By Amey Stone The launch of Windows XP, Microsoft's most significant upgrade of its personal computer operating system since Windows 95, is sure to create plenty of interest among investors, consumers, and corporate customers. Microsoft (MSFT) shares already have risen in recent weeks in anticipation of the Oct. 25 debut.
Investors got a taste of what's to come on Oct. 24, when Bill Gates "opened" the Nasdaq (since it's an electronic exchange, that just means he attended a ceremony at the Nasdaq MarketSite in New York City that morning). The reason? To celebrate 15 years of Microsoft's trading on the exchange -- and, of course, to hail XP's imminent arrival. "The company is going to have a lot of perceived good news coming out," says Michael Davey, technology analyst with Investec Ernst. "That's going to get people excited about its prospects."
Even if the excitement reaches fever pitch, XP isn't the main reason the stock has jumped from just $48 less than a month ago to its current $61 -- a 27% rise. Nor should it be. Investors are buying Microsoft because it's a good stock to own in turbulent times. The shares aren't cheap -- especially given their recent gains -- but with $36 billion in cash, the company is about as solid as you can get for a tech name these days. "I can sleep very well at night with Microsoft in our portfolio," says David Brady, portfolio manager at Stein Roe Mutual Funds.
"IT'S WONDERFUL." Microsoft's staying power makes it more than just a haven. Jeffrey Van Harte, who runs the Transamerica Premier Equity Fund, has increased his stake this year because he believes the company will ultimately use tough times to gain market share and enter new markets. "It's wonderful when you're in a downturn to have a balance sheet like this, because you can do things that other competitors couldn't do," he says.
Not only does Bill Gates have cash galore to spend on promoting XP but he can also easily afford the initial costs of entering the videogame market, which Microsoft will do on Nov. 15 with its launch of its Xbox gaming system.
Microsoft isn't immune to the problems facing the tech sector and the broader economy, however. Its latest earnings report, on Oct. 18, was far from pristine. The company absorbed a hefty $1.24 billion charge because of losses on its cable and telecom investments -- after taking nearly a $4 billion write-down of investments in its June quarter. It also said it wouldn't meet earlier revenue and earnings targets for its 2002 fiscal year.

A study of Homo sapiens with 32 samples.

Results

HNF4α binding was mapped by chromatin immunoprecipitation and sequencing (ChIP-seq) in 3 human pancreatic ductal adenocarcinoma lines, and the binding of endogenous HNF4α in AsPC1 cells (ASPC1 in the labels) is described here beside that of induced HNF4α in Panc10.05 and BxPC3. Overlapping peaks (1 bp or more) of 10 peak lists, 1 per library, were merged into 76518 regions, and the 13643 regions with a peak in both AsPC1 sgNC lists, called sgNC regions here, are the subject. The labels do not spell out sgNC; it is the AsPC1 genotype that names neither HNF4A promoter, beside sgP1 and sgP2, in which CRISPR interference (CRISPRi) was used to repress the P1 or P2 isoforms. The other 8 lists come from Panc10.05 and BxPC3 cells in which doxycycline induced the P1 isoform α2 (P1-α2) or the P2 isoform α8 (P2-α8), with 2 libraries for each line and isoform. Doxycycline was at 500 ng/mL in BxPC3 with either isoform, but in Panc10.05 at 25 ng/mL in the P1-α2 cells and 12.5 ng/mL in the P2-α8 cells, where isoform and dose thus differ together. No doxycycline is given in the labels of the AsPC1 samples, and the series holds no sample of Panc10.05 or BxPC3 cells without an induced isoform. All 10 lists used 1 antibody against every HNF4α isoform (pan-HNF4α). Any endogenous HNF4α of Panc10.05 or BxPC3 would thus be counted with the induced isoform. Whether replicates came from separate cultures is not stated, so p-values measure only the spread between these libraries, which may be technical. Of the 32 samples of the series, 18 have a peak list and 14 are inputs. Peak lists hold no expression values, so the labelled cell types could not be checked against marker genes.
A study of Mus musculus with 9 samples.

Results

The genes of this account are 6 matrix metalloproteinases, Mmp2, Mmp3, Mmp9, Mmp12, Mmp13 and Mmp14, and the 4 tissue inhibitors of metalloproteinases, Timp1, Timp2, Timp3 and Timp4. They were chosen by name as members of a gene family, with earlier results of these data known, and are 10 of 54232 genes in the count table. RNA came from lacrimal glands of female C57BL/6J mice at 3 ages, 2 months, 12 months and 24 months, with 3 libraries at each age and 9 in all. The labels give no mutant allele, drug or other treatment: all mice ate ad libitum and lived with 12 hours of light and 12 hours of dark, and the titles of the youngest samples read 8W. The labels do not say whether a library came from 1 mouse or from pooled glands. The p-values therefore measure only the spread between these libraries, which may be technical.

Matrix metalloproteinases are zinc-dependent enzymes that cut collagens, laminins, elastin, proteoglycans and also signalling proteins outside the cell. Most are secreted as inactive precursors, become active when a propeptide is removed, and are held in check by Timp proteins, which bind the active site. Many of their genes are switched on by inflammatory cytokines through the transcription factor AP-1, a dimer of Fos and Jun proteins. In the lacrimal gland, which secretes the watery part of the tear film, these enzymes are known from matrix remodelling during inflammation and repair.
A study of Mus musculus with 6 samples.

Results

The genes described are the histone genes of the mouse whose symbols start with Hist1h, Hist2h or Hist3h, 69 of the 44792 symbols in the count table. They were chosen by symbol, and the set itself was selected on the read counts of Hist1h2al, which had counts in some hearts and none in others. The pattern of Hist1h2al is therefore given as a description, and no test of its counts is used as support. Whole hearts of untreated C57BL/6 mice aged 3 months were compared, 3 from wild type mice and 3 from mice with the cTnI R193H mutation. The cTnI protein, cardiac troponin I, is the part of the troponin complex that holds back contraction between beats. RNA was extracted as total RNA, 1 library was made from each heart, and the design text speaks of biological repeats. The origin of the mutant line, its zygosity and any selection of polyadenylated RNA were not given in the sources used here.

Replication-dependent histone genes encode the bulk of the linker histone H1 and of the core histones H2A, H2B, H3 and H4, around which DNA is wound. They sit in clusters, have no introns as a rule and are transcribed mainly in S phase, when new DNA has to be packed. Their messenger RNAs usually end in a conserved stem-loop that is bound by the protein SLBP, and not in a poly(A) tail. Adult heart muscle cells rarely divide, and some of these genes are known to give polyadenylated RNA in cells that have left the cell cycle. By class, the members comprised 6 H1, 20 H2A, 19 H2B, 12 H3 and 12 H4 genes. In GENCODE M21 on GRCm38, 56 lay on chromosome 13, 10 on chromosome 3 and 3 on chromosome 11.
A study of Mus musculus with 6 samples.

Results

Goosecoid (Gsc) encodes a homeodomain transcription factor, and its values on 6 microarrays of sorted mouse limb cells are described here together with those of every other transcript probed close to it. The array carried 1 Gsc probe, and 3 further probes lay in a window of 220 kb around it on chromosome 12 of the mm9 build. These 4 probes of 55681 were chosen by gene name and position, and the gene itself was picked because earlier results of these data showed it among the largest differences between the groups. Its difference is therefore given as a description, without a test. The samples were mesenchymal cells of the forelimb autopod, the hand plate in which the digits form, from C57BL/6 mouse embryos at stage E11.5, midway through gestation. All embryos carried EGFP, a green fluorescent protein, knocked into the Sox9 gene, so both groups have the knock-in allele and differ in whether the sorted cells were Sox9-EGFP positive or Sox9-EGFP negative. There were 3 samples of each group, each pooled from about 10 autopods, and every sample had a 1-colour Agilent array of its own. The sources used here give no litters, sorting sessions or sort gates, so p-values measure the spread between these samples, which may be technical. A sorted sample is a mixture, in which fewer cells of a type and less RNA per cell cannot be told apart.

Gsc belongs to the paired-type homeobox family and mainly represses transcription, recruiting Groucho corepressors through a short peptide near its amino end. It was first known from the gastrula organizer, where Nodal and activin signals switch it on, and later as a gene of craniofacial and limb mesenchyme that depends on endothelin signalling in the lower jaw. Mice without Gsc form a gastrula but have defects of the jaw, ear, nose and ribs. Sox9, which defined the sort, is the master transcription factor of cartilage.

The main point Stein Roe's Brady took from the quarterly report, though, is that Microsoft was able to increase its sales and operating earnings during a major downturn in the PC industry. In the difficult quarter ended Sept. 30, Microsoft managed a moderate 4% gain in operating earnings, to $2.9 billion (not counting the investment losses), and an impressive 6% increase in sales, to $6.1 billion.
MODEST RETREAT. Meanwhile, Microsoft's warning that it won't meet Wall Street's expectations for the remainder of 2002 surprised no one, given the weakening economy and the company's history of providing cautious future guidance. Analysts ratcheted back their estimates a bit for the December quarter and the rest of fiscal 2002, which ends in June, 2002 -- but didn't complain much about having to so.
"The reduction was modest under the circumstances," Merrill Lynch analyst Henry Blodget noted in his Oct. 19 report on the quarter, in which he cut Microsoft's full year per-share earnings target to $1.83, from $1.87. That's partly because many analysts believe that the company will be able to exceed its new targets. "I think they are set up quite nicely to grow and to beat investor expectations," says Brady.
That doesn't mean Microsoft will return to its blistering growth pace of the '90s any time soon. Even with some surprising strength in its other products, including server sales, Windows 2000 (the corporate-strength OS), and Internet service MSN, analysts are looking for at best 12% to 15% earnings growth, vs. 40% annual growth in the mid-1990s. That makes the stock, which has a price-earnings ratio of 31 based on projected earnings for the 2002 calendar year, look pretty pricey relative to its earnings growth rate, as well as the broader market.
BEING REALISTIC. Weak PC sales aren't going to help. Management itself noted in a conference call following the earnings announcement that the PC market is extremely weak. Microsoft now thinks PC unit growth will be flat or down slightly through next June, vs. an earlier hopes for about 5% growth in unit sales, according to Blodget.
In short, analysts are trying to be realistic about the outlook for XP, hoping that it will have a slow but steady adoption rate over the next year. "The days of people upgrading just because of some new operating system are pretty much behind us," says Investec's Davey. Still, he thinks XP is debuting at a time when many users who last upgraded their PC in advance of Y2K are ready for a new machine. The fact that PC prices are plummeting should also help to put a floor under demand for both computers and XP.
XP's impact on Microsoft's bottom line won't be significant at first, "but ultimately it will be," Van Harte says. "That isn't going to really happen until we get the consumer and the economy to come back, but we will see adoption rates that will surprise people."
For long-term investors, that could make the present a pretty good time to get in, even though better opportunities to buy Microsoft may arise if the market suffers more shocks. "The p-e ratio at this level is at the upper limit of what you want to pay," cautions Davey. He also urges investors to keep in mind that Microsoft is "going to be more of a stable growth stock than a tech high-flyer." For weary tech investors, even that may sound pretty good right now. Stone is an associate editor of BusinessWeek Online and covers the markets in our daily Street Wise column.